A young whitetail buck living in a Florida neighborhood had to be put down by law enforcement on Oct. 5 after it attacked a man in his yard. Some residents of the Palm Coast community were upset with the way officers handled the situation, according to the Observer. Video footage recorded that day shows the sheriff’s deputies tying the buck to a telephone pole, using a knife to cut its throat, and letting it bleed out over the next 15 to 20 minutes.
Authorities were first notified of the incident around 9:39 a.m. Thursday. A 911 caller reported that their neighbor had been mauled by the buck while he was working in his garden. The buck then tried to attack the caller and wouldn’t leave the front yard. Meanwhile, the victim drove himself to the hospital for treatment.
The Florida Fish and Wildlife Conservation Commission dispatched wildlife officers within the hour, but deputies with the Flagler County Sheriff’s Office arrived at the scene first. The FWC had advised the deputies to “put it down” if they got there first, but told them not to shoot the deer in the head since it had to be tested for chronic wasting disease, according to a report secured by the Observer. (The state’s post-mortem CWD protocol requires the agency to remove samples from the brain stem.)
Footage from a body camera worn by one of the Sheriff’s deputies shows what happened next. The footage is graphic and viewer discretion is advised.
At the beginning of the roughly 27-minute clip, the small forkhorned buck walks right up to the deputy holding the catch pole and allows him to slip the loop over its neck. The deer goes wild when the noose is tightened, jumping and charging at the deputy as it tries to break free. The deputy’s partner then grabs a lariat and gets another loop around the deer’s midsection. They take the other end of the rope and wrap it around a telephone pole in the front yard to keep the buck in place.
By this point some of the surrounding neighbors have heard the commotion and stepped outside to watch. Roughly three to four minutes into their recorded struggle with the deer, the deputy with the catch pole holds the buck down while his partner slits its throat with a pocketknife.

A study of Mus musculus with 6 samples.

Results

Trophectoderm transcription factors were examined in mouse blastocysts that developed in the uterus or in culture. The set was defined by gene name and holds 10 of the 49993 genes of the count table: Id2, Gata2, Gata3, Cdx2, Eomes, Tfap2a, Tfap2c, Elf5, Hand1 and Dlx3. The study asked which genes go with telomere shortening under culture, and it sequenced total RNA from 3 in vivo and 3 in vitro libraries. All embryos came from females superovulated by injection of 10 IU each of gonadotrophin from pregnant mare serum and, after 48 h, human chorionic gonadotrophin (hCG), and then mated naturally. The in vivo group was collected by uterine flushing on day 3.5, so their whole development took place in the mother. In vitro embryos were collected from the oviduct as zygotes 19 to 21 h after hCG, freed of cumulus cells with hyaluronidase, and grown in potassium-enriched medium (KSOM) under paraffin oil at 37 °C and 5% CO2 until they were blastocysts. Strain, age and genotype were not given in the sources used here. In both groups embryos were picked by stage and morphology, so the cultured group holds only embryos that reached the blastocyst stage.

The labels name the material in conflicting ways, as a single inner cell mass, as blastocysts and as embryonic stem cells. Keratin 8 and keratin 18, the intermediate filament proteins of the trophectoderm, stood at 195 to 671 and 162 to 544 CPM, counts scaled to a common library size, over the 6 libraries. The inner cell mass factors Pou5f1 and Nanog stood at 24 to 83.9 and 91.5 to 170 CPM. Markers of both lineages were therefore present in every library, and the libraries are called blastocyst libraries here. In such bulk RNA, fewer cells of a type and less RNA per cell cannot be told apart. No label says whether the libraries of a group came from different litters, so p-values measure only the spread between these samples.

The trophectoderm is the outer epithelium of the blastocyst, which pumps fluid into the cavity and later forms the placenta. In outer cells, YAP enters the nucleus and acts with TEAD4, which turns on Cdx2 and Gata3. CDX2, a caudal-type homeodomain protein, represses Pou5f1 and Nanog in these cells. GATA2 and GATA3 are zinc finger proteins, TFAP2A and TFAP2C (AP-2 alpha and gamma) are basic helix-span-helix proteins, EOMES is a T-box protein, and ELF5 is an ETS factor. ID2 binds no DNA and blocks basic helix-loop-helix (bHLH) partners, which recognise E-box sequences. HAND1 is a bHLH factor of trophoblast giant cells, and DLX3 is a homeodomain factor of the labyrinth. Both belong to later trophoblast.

“This is what happens when people feed deer around here,” one of the deputies tells an onlooker. “Now we gotta put a deer down because somebody wants to feed him.”
While the buck bleeds in the grass in the victim’s front yard, the victim’s wife steps outside her door to watch and ask questions.
“The sad part is we have to make sure nothing is wrong with him inside,” the deputy explains to her. “So that’s why we can’t shoot him in the head.”
The deer bleeds out over the next 12 to 13 minutes and then a wildlife officer with the FWC arrives. After more than five minutes of debate about how to put the suffering deer out of its misery, another wildlife officer shows up, grabs the deputy’s knife, and cuts all the way through the buck’s throat. By this point, the victim has returned home from the hospital and he tells the authorities about his experience with the buck.
“I wasn’t feeding him, but someone was,” the victim says. “Want to know a story I heard on this guy? Somebody raised him.”
The euthanized buck was well known in the neighborhood, and some residents had named it “Baboo,” according to the Observer. The local news outlet also reports that on Oct. 1, just four days before the attack, a man in the neighborhood had called the local sheriff’s office to complain about the buck. He told them the deer was living in someone’s backyard as a pet, and he expressed his concern that it was becoming dangerously comfortable around humans. The sheriff’s office reportedly told the man that wildlife problems were under FWC’s purview.
In an emailed statement, an FWC spokesperson told the Observer that the deer “was humanely euthanized after it did not retreat and was sent to Gainesville for testing.”